The Mokihinui dam would have created a lake 14km long and helped shore up power supply on the West Coast. Photo / Supplied
Meridian Energy has abandoned plans to dam a South Island river partly to remove uncertainty hanging over the partial sale of the state-owned enterprise.
It pulled the plug on its proposed 100MW Mokihinui hydro dam on the West Coast after spending $18 million on development, planning and legal work.
The company faced what could have developed into one of the biggest environmental battles in New Zealand and cost millions of dollars more.
Chief executive Mark Binns said the company was disappointed but political and regulatory uncertainty surrounding the project carried too much risk.
"We know that Labour and the Greens had it in their election manifesto - they are implacably opposed to the project," Binns said.
"We had to look at the political realities, we had to get through an Environment Court case then fight our way through the Conservation Act and all this was undoubtedly going to probably take us through this Parliament to another and introduce political risk."
The timing for a listing of 49 per cent of the $6 billion-plus Meridian has not been released but could be as early as next year.
Binns, who has been in the top job for four months, said he had been asked by the board to review strategy and the status of a number of projects.
"Like any chief executive [if you have] anything that needs cleaning up you're keen to do it in the first six months."
The company was being readied for partial sale and wanted "a clear and crisp outlook" as to where it was going, he said.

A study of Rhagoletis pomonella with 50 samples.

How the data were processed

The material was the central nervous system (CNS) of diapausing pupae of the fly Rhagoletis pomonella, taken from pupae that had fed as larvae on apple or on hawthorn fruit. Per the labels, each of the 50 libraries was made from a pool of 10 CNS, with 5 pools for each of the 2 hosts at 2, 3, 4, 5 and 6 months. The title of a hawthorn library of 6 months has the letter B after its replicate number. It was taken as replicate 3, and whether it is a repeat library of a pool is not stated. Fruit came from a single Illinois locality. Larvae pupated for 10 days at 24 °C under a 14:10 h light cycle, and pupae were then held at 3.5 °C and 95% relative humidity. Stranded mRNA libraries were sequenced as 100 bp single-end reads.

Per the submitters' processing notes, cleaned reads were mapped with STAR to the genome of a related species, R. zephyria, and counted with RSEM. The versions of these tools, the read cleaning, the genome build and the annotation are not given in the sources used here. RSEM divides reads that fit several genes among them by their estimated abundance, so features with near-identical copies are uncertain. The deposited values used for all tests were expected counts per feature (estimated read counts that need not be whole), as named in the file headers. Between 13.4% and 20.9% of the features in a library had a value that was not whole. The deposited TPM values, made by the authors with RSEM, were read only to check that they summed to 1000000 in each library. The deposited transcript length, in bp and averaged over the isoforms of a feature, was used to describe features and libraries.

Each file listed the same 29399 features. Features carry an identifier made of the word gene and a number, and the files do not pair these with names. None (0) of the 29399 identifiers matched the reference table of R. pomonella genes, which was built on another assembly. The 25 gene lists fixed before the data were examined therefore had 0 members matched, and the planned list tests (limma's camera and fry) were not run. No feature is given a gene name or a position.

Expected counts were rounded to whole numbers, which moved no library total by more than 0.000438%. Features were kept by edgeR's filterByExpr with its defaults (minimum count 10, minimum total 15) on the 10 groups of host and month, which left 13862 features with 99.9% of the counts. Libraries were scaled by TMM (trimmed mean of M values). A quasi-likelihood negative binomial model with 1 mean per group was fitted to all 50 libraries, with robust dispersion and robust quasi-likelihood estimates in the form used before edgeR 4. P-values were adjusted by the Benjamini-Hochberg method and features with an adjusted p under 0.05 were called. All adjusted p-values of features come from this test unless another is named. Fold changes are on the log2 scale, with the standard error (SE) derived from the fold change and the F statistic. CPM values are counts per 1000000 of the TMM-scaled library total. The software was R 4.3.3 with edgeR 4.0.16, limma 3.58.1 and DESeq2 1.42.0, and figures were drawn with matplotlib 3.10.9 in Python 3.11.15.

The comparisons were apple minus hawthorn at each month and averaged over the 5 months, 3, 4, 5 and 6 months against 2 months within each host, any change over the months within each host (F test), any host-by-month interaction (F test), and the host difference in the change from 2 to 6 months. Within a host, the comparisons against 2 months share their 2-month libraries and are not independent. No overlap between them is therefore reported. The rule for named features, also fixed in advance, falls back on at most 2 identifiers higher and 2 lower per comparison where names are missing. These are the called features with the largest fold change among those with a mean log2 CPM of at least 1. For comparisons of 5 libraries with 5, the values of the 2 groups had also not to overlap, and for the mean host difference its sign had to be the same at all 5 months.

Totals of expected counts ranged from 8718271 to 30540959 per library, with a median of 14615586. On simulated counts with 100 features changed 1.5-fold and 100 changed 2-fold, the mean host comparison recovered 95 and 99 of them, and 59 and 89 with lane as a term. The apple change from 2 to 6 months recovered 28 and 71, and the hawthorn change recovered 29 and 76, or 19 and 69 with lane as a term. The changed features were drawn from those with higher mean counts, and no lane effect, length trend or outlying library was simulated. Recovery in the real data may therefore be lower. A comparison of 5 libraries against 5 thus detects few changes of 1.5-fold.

"I just had to take a pragmatic business decision on whether it was worth us keeping going and the answer was 'no'," he said.
This year Meridian abandoned plans to build a controversial wind farm in central Otago after spending nearly $9 million and in 2004, it dropped the $1.2 billion Project Aqua scheme on the Waitaki River after spending $95 million.
The 85m-high dam on the Mokihinui River north of Westport would have created a 14km lake and helped shore up power supply on the West Coast where there is no electricity generation.
Opponents welcomed the decision yesterday
"This is a stunning, dynamic and near-pristine landscape and ecosystem," said West Coast Environment Network spokesperson Brian Anderson.
"We are stoked that Meridian Energy has realised that it is simply too precious to dam."
Binns said the economics of the dam continued to stack up, in spite of flat demand for electricity at present. There was a risk that without new projects there could be shortages in future.
"Demand growth is very sluggish but at some point New Zealand will start growing again, it's a question of when and where the power will come from."
Binns said opposition to hydro schemes and the cost of building them made wind plants more viable.
Meridian has consent to build a 60MW wind farm, Mill Creek, near Porirua.